This section is from the book "The Manufacture Of Boots And Shoes: Being A Modern Treatise Of All The Processes Of Making And Manufacturing Footgear", by F. Y. Golding. Also available from Amazon: The Manufacture Of Boots And Shoes.
Fig. 131, abed, shows the button-piece taken from Fig. 128. The dotted line will show the amount of " spring." The scollops may be prepared in a way similar to Fig. 132. The smallest scollop is made by means of a compass, and a line drawn at right angles to the diameter of the semi-circle. From the centre of the first drawn semi-circle a, equal distances are marked at b, c, etc., continuing them to the number of scollops desired, d. From d as centre construct the semicircle to the required size for the largest scollop. Join AD, and where it passes through the lines drawn from the equal-spaced divisions will be determined the radii of the remaining intervening scollops. These may be applied direct to the button-fly by first taking one-half of the diameter of the smaller scollops to be used, and marking it from the bottom of the fly (see AB, Fig. 131). The radius of the smallest circle is now taken in the compass, and from the line AB and the edge of the fly the point of intersection X is made (Fig. 131), giving the centre from which the smallest scollop is constructed. This is repeated the whole way up the button-bit, leaving a slight space between each semi-circle to allow for the lengthening of the scollop and the clearance in cutting. When the scollops have once been graduated they may be preserved for future use by cutting out in aluminium as shown by Fig. 133.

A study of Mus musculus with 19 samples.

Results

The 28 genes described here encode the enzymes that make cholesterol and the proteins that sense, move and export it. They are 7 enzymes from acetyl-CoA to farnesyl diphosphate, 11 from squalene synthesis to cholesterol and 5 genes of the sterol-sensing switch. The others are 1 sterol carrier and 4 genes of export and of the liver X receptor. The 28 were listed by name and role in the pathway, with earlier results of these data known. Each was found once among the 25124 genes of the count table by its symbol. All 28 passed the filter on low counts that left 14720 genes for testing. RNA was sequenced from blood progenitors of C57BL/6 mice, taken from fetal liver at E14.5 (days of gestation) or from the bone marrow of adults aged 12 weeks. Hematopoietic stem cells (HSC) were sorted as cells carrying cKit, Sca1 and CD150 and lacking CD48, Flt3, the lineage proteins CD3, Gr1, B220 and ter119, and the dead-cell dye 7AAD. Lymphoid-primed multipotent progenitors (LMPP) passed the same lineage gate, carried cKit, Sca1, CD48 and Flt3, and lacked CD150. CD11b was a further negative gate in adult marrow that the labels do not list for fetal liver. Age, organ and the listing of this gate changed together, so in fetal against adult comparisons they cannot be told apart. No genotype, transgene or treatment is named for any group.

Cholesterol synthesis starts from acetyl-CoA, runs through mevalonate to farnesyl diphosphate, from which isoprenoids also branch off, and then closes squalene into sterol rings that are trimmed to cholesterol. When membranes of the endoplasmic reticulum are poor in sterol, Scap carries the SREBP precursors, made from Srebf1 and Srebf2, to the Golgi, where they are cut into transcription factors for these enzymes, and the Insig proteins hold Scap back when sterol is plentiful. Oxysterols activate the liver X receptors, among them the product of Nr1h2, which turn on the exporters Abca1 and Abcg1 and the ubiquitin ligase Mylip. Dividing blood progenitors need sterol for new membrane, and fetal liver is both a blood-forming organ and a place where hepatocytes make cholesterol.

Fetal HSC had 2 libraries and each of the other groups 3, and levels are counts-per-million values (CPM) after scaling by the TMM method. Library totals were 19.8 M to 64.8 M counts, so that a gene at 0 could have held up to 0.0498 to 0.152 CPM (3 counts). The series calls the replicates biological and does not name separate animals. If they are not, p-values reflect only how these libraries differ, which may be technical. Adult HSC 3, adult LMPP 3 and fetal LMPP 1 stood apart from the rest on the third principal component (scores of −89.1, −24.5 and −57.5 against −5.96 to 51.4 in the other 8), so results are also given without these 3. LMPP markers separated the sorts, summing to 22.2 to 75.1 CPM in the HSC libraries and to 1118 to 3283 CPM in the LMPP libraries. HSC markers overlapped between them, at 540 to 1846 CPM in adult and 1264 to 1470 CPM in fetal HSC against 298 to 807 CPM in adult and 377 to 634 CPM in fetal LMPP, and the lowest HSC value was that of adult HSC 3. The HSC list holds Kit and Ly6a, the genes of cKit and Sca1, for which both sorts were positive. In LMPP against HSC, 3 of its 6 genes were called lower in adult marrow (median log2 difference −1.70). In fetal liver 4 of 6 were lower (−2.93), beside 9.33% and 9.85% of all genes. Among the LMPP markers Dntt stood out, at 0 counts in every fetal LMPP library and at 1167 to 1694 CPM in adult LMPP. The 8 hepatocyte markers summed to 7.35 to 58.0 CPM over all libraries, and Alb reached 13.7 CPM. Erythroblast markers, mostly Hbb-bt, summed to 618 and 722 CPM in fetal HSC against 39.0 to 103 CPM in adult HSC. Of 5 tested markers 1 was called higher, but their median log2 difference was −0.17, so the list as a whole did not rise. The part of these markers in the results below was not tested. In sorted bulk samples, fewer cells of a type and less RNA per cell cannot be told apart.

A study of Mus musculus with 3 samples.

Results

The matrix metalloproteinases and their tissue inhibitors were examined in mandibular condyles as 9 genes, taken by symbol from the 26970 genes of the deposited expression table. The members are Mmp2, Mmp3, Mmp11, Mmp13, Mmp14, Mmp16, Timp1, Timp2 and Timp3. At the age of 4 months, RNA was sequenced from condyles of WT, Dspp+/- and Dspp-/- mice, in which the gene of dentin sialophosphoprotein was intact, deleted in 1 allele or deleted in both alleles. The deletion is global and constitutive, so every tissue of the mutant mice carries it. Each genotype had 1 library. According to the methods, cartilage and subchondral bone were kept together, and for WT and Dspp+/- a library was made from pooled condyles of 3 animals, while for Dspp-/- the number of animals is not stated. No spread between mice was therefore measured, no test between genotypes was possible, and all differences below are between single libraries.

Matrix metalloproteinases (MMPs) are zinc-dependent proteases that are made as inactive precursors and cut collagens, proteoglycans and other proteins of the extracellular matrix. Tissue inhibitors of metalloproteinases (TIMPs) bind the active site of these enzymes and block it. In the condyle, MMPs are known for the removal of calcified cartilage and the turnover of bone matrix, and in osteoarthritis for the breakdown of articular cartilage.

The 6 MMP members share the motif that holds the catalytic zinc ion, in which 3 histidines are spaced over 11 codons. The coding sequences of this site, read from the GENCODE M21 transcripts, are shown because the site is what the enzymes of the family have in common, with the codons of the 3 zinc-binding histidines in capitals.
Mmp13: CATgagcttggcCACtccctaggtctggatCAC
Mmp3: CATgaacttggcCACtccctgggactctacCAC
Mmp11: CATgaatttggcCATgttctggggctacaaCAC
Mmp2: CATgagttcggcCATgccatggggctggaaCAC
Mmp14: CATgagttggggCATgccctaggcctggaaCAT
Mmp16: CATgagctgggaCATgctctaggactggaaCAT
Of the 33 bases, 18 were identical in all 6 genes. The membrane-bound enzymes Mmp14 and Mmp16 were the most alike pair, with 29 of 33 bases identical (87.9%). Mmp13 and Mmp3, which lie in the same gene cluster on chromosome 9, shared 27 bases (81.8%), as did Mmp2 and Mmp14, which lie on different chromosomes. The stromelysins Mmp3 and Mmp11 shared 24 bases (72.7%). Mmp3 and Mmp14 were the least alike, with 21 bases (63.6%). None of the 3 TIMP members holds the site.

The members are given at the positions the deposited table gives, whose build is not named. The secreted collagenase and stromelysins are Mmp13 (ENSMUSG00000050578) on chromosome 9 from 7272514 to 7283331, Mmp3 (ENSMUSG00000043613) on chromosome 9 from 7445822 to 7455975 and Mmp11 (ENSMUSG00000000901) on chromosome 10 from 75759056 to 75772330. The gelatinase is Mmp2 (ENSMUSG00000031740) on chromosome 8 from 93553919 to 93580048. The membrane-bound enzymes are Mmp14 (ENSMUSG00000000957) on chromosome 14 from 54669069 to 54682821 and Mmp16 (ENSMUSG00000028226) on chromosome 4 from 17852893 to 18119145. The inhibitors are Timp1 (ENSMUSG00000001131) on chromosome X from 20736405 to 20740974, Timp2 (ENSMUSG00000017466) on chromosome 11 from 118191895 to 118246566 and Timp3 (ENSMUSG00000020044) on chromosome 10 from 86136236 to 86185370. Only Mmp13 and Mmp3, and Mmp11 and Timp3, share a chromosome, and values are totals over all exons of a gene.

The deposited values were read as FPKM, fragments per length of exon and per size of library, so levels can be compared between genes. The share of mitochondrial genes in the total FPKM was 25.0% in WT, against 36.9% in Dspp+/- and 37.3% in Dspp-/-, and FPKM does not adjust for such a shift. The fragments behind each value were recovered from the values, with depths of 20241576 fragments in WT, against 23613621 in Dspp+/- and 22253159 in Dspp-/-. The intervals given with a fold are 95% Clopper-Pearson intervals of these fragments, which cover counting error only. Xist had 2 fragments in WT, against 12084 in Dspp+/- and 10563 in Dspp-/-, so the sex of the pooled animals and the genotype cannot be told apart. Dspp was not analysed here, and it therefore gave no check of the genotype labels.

The button-fly lining may, for economy in cutting, be seamed, care being used not to have a seam where the button-hole is to come. If the lower portion is made to suit several sizes it enables a stock to be cut.
Scollops the reverse in principle to those shown in Fig. 132 may be used, and if they are not made too bold are adaptable to "run and turn "or "bagged" button-pieces.
Inside and outside quarters should be made for buttoned patterns, the outside quarter having sufficient removed from the front to allow for the displacement that would be caused by the substance of the material used for the fly-lining, etc. Fig. 134 gives an illustration of this.